Bangladesh has formally requested for a USD 4.5 billion loan from the Washington-based multilateral lender IMF to combat the ongoing financial crisis in the country, according to a media report


In a letter to IMF Managing Director Kristalina Georgieva, according to sources, the government sought the loan as a balance of payment and budget support as well as to mitigate the effects of climate change on Bangladesh. According to Finance Ministry officials, USD 1.5 billion of the USD 4.5 billion, which the country has sought to mitigate the ongoing crisis, would most likely be interest-free and the remaining amount would come at an interest of less than two percent.

An IMF mission is expected to visit Bangladesh in September to negotiate the terms and conditions for the loan, the report said. A deal is expected to be locked by December, and to be placed before the global lender's board meeting in January, the officials added.

Renowned economist Debapriya Bhattacharya, however, said Bangladesh will have to go through several conditions to get a loan from the multilateral lender, which puts harsh conditions in front of the borrower country to get the loan. "Right now, we have a large trade deficit. At the same time, remittances are also on the decline. There is great pressure on the exchange rate," the economist explained. 

He also added that imports were getting difficult owing to the lack of foreign exchange, and "going to the IMF is logical and the right move at this time of crisis". "Sri Lanka's delay in doing so caused them a huge loss, Bhattacharya added. 

The economist said the IMF money would mainly be used to meet the large deficit in foreign transactions at the moment, and to stabilise the exchange rate of Taka against the dollar by selling dollars. However, before receiving this money, the government has to take several steps to show they are responsible in the eyes of the IMF. This is what we call pre-action. Also, they have to take some steps before releasing each installment, he said. 

Asked about the possible reform and IMF conditions, Debapriya said: "The exchange rate of Taka should be floating and based on the market. The incentives given by the government to the foreign currency now may need to be adjusted. Monetary policy should be harmonized with fiscal policy. In that case, a level has to be specified in the subsidy in order to control the expenditure. Besides, the role of the central bank should also be strengthened. And in that case, there may be conditions for the recovery of defaulted loans, he added.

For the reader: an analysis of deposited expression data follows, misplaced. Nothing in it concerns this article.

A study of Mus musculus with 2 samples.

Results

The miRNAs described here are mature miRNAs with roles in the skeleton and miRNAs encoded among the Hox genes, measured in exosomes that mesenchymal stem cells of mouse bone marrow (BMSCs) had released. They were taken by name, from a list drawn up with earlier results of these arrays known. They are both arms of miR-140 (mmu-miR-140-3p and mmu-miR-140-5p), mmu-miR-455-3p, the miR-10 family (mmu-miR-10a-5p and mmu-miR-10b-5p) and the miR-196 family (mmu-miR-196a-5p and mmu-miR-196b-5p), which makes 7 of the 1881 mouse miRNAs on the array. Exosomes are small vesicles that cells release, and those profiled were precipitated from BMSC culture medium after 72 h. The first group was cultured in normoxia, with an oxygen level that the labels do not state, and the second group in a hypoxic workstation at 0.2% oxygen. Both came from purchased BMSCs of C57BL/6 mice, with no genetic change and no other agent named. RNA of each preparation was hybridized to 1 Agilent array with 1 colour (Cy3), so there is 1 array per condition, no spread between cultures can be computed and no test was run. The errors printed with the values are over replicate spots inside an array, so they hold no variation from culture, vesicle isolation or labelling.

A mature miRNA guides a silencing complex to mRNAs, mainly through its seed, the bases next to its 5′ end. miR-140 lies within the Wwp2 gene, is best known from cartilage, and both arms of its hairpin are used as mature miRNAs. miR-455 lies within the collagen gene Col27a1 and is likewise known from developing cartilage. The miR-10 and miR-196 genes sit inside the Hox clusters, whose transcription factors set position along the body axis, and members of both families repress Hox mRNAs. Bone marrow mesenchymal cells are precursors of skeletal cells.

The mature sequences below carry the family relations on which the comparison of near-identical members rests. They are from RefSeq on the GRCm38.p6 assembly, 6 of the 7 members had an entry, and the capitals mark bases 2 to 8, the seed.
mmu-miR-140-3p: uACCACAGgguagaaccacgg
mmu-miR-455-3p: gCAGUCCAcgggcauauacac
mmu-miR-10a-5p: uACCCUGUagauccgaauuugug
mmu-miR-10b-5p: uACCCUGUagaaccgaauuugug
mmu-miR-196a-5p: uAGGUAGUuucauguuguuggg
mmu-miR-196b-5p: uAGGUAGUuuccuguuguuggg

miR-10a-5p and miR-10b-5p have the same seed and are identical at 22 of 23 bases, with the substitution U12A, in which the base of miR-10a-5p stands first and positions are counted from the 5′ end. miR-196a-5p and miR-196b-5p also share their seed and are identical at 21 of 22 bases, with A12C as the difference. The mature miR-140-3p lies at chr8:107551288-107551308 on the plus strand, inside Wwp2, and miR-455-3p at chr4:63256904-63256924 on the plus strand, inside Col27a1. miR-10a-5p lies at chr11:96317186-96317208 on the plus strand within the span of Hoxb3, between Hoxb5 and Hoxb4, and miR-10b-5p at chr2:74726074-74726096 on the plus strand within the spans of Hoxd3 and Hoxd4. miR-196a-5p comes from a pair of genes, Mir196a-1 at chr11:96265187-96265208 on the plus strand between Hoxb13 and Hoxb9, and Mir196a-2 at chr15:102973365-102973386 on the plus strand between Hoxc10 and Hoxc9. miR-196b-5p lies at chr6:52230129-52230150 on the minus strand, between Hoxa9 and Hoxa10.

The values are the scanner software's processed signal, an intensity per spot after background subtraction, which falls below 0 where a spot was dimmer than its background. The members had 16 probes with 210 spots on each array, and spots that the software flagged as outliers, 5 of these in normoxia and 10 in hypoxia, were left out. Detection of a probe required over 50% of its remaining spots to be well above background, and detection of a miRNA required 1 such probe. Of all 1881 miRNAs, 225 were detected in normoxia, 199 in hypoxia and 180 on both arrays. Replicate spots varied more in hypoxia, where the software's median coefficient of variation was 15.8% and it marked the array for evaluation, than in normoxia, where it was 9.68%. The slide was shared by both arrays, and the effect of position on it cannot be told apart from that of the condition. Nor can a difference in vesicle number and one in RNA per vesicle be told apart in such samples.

He explained the IMF was saying what independent economists had been telling the government for a long time, but no action was taken so far. "Even now, if these reform measures are taken, it will be good for our economy.

He warned that it was not good for the political situation in the country, especially on the eve of elections, to resort to such controls. Earlier last week, a visiting IMF delegation in a discussion with Bangladesh Bank officials expressed concern over the weakness of the country's banking system and the high rate of non-performing loans (NPLs).

The IMF has recommended removing the interest rate caps on lending and borrowing. Apart from a market-based floating exchange rate of Taka or foreign currency exchange rate system, the organisation has also suggested resetting the methodology on foreign currency reserves, a senior Finance Ministry official said. In South Asia, Sri Lanka, facing its worst economic crisis in seven decades, is currently in negotiations for an IMF bailout.

The island nation ran out of foreign currency to import, even its most vital essentials, triggering long queues at petrol stations, food shortages, and lengthy power cuts. Pakistan, whose foreign exchange reserves are rapidly depleting, reached an agreement with the IMF earlier this month to pave the way for the release of an additional USD 1.2 billion in loans and unlock more funding.